Roz Chast and Patricia Marx: You Can Only Yell at Me for One Thing at a Time: Rules for Couples
Tuesday January 14: 7:00PM – 8:00PM
Doors open 30 minutes before the start of the event.
The perfect Valentine’s Day and anniversary gift: An illustrated collection of love and relationship advice from New Yorker writer Patricia Marx, with illustrations from New Yorker cartoonist Roz Chast.
Everyone’s heard the old advice for a healthy relationship: Never go to bed angry. Play hard to get. Sexual favors in exchange for cleaning up the cat vomit is a good and fair trade.
Okay, not that last one. It’s one of the tips in You Can Only Yell at Me for One Thing at a Time: Rules for Couples by the authors of Why Don’t You Write My Eulogy Now So I Can Correct It: A Mother’s Suggestions. This guide will make you laugh, remind you why your relationship is better than everyone else’s, and solve all your problems.
Nuggets of advice include:
If you must breathe, don’t breathe so loudly.
It is easier to stay inside and wait for the snow to melt than to fight about who should shovel.
Queen-sized beds, king-sized blankets.
Why not give this book to your significant or insignificant other, your anti-Valentine’s Day crusader pal, or anyone who can’t live with or without love?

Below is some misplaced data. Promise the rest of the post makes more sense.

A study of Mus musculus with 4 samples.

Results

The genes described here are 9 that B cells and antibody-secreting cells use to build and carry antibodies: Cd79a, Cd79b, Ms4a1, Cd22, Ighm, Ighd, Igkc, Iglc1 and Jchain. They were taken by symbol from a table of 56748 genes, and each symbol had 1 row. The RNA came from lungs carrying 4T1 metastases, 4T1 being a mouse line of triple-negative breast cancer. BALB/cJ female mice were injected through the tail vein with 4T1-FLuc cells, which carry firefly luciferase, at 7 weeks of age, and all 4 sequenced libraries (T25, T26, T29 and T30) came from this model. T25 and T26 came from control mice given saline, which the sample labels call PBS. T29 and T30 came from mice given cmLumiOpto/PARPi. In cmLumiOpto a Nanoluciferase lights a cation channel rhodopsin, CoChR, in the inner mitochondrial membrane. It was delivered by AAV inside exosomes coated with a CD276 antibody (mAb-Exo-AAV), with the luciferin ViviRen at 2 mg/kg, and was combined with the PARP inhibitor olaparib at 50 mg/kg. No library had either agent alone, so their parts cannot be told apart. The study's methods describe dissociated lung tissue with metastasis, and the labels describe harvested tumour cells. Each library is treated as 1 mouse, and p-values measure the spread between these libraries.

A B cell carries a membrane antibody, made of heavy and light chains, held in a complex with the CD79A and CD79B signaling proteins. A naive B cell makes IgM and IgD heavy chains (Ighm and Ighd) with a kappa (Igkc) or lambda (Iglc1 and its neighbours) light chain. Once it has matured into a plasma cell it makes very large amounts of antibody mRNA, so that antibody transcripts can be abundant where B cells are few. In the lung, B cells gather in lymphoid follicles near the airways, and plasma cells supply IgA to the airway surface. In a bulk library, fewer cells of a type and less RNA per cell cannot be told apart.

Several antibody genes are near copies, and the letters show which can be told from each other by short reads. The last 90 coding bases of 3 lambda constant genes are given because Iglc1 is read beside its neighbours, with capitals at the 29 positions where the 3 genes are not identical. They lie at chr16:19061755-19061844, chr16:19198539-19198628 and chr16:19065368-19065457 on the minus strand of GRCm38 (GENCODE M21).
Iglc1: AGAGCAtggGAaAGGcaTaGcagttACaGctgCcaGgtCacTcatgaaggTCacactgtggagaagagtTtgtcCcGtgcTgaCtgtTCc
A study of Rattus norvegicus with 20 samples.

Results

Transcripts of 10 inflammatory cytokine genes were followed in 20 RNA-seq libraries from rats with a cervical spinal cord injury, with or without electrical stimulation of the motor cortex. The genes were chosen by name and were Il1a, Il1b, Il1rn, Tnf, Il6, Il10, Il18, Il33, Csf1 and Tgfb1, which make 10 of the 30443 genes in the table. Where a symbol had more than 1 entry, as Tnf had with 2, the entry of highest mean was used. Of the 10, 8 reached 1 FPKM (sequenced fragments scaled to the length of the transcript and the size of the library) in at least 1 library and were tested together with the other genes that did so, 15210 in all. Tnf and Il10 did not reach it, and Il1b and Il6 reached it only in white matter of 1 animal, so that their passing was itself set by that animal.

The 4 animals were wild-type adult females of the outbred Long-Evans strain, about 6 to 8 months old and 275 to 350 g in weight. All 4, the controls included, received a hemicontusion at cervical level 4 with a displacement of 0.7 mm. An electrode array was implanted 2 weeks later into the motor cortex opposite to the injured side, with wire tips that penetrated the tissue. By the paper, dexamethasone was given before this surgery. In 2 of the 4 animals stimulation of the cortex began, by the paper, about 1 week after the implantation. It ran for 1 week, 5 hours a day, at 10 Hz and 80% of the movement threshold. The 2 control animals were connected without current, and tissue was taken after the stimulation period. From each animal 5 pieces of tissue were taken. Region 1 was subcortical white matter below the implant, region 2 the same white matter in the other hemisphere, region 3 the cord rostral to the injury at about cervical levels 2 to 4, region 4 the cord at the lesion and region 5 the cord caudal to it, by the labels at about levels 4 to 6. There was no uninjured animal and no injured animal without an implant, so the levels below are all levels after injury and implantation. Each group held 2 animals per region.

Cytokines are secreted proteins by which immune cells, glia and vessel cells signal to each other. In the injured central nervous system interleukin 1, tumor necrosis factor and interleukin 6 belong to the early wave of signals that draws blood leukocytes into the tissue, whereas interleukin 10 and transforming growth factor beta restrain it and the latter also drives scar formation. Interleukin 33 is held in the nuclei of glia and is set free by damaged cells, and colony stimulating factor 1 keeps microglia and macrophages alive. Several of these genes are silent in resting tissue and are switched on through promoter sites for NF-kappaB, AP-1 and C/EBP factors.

Join us in the Rare Book Room for a talk about love, relationships and humor.
Patricia Marx has been contributing to The New Yorker since 1989. She is a former writer for “Saturday Night Live” and “Rugrats,” and is the author of several books. Marx was the first woman elected to the Harvard Lampoon. She has taught screenwriting and humor writing at Princeton, New York University, and Stonybrook University. She was the recipient of a 2015 Guggenheim Fellowship.
Roz Chast has loved to draw cartoons since she was a child growing up in Brooklyn. She attended Rhode Island School of Design, majoring in Painting because it seemed more artistic. However, soon after graduating, she reverted to type and began drawing cartoons once again. She is the author of the #1 New York Times bestselling memoir Can't We Talk About Something More Pleasant?